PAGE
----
Guest Post by Lynn Jungwirth
I asked Fran Korten, who interviewed Elinor Ostrom (2009 Nobel Prize winner in economics) for “Yes Magazine”, about
the difficulties with “large landscape level planning”. This answer came
“Yes, there’s a role for large landscape level planning, but when you get
down to implementation, it’s got to be at smaller levels. As Lin puts it,
you’ve got to have decision making and implementation in nested tiers that
start at the human-scale level and stack up to the larger resource.”
Wow! “Starting at the human-scale level and stack up to the larger
resource.” We do it exactly opposite. Start with the National Level, then
the Forest Level, and then try to make the local level fit in with those
goals and constraints. Maybe we should invite Elinor Ostrom and her team to
work with this planning rule.
Excerpt from the “Yes” interview. Here’s the link.
At the Workshop we’ve done experiments where we create an artificial form of
common property-such as an imaginary fishery or pasture, and we bring people
into a lab and have them make decisions about that property. When we don’t
allow any communication among the players, then they overharvest. But when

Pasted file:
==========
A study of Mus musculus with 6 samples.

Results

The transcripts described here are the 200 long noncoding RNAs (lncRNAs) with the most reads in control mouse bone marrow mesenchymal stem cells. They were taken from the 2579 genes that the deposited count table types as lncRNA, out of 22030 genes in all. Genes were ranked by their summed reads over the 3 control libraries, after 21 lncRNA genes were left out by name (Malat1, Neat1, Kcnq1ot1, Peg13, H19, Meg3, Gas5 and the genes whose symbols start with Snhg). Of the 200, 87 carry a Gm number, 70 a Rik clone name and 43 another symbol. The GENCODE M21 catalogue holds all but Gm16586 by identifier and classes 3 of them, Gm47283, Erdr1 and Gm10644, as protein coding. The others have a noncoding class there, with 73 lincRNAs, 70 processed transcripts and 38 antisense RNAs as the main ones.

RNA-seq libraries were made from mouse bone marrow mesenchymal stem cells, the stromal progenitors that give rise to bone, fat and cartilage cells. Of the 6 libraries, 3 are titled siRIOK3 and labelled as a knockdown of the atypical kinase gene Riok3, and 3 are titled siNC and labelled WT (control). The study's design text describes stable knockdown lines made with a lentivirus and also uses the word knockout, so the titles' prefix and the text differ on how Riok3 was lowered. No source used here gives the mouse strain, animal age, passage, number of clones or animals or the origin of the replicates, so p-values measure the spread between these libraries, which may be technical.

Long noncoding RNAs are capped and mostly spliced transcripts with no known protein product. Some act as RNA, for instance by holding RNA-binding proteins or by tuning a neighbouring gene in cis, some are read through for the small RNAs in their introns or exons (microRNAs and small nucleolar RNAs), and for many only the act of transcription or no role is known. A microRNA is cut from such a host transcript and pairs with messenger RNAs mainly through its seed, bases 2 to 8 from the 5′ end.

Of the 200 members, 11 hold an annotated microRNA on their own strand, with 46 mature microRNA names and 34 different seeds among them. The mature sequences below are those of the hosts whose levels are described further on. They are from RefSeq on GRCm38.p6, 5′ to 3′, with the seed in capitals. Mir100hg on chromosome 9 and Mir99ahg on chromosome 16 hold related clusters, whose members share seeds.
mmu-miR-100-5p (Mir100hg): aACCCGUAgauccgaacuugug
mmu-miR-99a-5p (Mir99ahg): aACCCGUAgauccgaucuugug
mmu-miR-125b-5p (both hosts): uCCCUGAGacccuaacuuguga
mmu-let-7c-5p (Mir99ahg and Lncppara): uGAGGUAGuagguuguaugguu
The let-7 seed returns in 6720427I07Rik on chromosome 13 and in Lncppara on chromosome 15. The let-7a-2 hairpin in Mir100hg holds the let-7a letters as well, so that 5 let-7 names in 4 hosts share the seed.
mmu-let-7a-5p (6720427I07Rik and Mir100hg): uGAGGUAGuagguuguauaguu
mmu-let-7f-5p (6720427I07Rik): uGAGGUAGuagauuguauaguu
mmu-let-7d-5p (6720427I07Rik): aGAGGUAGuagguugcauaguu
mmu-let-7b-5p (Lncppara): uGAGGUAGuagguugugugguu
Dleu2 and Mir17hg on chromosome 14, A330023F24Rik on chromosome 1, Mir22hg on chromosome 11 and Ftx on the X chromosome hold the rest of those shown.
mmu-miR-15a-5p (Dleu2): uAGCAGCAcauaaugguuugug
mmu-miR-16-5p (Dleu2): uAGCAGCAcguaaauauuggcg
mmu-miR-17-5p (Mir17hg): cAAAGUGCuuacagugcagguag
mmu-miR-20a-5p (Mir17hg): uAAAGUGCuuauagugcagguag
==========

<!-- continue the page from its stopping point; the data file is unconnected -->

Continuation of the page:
people can communicate, particularly on a face-to-face basis, and say,
“Well, gee, how about if we do this? How about we do that?” Then they can
come to an agreement.
Fran: But what about the “free-rider” problem-where some people abide by the
rules and some people don’t? Won’t the whole thing fall apart?
Elinor: Well if the people don’t communicate and get some shared norms and
rules, that’s right, you’ll have that problem. But if they get together and
say, “Hey folks, this is a project that we’re all going to have to
contribute to. Now, let’s figure it out,” they can make it work. For
example, if it’s a community garden, they might say, “Do we agree every
Saturday morning we’re all going to go down to the community garden, and
we’re going to take roll and we’re going to put the roll up on a bulletin
board?” A lot of communities have figured out subtle ways of making everyone
contribute, because if they don’t, those people are noticeable.